Source : wired.com
Thanks to the Apple iPad and other tablets, people are now shopping on the couch, in the bed, and in the kitchen, not to mention the most comfortable of “lean-back” environments: the bathroom.
In a soon-to-be-published survey, Boston-based SeeWhy asked more than 1,000 U.S. tablet owners where they used their devices to make purchases. Ten percent of respondents admitted that they had bought something while on the john, or at least in its vicinity. The bathroom actually placed last out of all locations in the home, after the living room (44 percent), bedroom (23 percent), kitchen (19 percent), and outside (14 percent), but this WC stat still shows just how powerful tablets are becoming as a virtual storefront.
If you can get people to buy in the bathroom, you can get them to buy anywhere.
SeeWhy makes marketing software aimed at bringing potential customers back to online shopping sites if they’ve left without buying anything. Along with its survey, the company also analyzed more than 21 million transactions from thousands of clients on its platform. Their study found that when shopping on a mobile device, customers were three times as likely to buy something when using a tablet than when using a smartphone.
Charles Nicholls, founder and chief strategy officer for SeeWhy, says that tablets are succeeding at shopping because people use them in a way — and at a time — they don’t use any other device.
“You find that you’ve got this evening pattern of recreational shopping that doesn’t happen on desktops in the same way,” Nicholls says.
If someone is at home and has a choice between a tablet and a phone, Nicholls says they’ll overwhelmingly reach for the tablet for shopping. Small screens still make the multi-step buying process painful on smartphones, he says, while tablets typically approximate the experience of shopping on a PC.
At the same time, desktops and laptops don’t lend themselves to the, ahem, same versatility of venue as tablets do. Nicholls didn’t say this, but I will: Taking your tablet into the bathroom is almost the same as taking a magazine. Even the thinnest laptops can’t do that.
Other research has come to similar conclusions (though not specifically about the bathroom). Market research firm eMarketer says patterns are starting to emerge around different uses for different-sized screens, especially around shopping. More consumers will shop on their smartphones than on their tablets this year (102 million versus 94 million), but only because more people own smartphones than tablets, eMarketer estimates. And the firm predicts that millions more of those shoppers will actually buy something using their tablets than their phones.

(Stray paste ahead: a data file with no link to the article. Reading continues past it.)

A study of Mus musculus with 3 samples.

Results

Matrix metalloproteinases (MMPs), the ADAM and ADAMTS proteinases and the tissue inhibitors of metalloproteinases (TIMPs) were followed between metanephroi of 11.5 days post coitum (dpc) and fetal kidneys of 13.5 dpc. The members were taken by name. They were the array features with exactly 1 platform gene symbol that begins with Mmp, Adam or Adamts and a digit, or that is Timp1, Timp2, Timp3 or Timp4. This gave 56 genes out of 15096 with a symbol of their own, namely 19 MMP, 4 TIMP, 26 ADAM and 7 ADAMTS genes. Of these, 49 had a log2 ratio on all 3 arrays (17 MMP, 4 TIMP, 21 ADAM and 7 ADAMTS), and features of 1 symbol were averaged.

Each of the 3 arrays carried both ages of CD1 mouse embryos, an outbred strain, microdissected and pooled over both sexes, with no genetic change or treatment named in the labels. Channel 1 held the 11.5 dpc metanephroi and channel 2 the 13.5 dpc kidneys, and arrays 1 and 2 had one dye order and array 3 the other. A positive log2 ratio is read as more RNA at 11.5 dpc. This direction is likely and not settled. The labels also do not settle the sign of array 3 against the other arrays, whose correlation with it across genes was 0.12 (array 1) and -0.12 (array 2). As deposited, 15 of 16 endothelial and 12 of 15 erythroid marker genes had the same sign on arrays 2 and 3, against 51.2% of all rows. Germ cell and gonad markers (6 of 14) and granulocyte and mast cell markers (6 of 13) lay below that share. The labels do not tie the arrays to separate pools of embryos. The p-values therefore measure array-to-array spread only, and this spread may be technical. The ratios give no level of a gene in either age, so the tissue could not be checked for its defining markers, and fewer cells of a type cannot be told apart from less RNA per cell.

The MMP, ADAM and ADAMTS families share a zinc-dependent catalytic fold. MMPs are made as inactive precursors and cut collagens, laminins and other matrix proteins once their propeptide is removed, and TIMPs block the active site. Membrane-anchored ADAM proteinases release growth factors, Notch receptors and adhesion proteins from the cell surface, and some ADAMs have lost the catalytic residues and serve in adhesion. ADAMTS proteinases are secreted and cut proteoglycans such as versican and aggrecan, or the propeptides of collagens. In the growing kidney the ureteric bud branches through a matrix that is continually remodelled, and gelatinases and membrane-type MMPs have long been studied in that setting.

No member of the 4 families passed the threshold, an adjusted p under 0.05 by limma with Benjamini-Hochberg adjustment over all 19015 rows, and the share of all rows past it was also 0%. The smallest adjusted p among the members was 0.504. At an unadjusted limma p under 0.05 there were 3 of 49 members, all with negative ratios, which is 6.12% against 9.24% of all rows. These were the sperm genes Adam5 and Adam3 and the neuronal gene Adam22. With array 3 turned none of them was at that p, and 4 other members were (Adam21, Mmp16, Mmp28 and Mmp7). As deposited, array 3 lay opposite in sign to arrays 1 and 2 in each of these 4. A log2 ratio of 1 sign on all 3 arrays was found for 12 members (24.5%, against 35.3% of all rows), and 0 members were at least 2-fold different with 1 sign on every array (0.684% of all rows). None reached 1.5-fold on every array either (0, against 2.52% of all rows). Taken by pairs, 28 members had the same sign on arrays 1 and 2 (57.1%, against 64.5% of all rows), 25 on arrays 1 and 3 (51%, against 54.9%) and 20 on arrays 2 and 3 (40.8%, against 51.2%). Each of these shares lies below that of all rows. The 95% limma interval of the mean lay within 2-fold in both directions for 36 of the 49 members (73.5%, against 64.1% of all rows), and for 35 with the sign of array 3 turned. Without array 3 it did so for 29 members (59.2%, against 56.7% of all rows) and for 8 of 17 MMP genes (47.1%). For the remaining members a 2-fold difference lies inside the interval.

Clark Fredricksen, vice president at eMarketer, concurs that tablets have driven the concept of “recreational” online shopping. Most online shopping that takes place on PCs happens at work during the day, he says. People who would be less inclined to power up their laptops or desktops once they got home at night don’t have the same resistance to using their tablets.
And more of those people may not have PCs at home at all.
“What that means in a commerce context is we’re more likely to see people using a tablet in times when they may have previously used a desktop to shop for things or buy things,” Fredricksen says. “And in some cases, the tablet is going to offer a more intimate experience than the desktop ever did. You can touch the products you’re buying.”
Another factor beyond form factor that appears to play a role in the tablet’s shopping success is demographics.
At Overstock.com, 19 percent of the site’s traffic comes via smartphone, the company tells Wired. But the typical order size from phones is 10 percent below the site’s average, amounting to just 4 percent of total revenue. Meanwhile, tablets generate less traffic (16 percent) but result in orders 17 percent above the site average, contributing to 15 percent of Overstock’s sales.
People with tablets have higher disposable incomes, says Overstock CEO Patrick Byrne, while phones “are essentially given away.” For sites like his — which, Byrne says, have optimized their design for tablets –”you’re attracting a good client base.”
“On the other hand,” he says, “as the price of tablets comes down, like everything else in consumer electronics, that discrepancy should disappear.”
In the likely event that price drop happens, even more people will probably start reaching for tablets to shop, since more people will have tablets to reach for. Nicholls says mobile devices in general still have far to go before becoming the default online shopping medium. His company’s study found that only 12 percent of online sales happen on mobile devices.
Even so, it’s increasingly clear that a new(ish) technology is once again enabling a new kind of consumerism. Much like going to the mall in the 1980s, tablets have turned retail into a way to relax, though in this case you don’t have to leave home — no matter what room you’re in. Tablets, says Nicholls, “have fundamentally changed the way we shop.”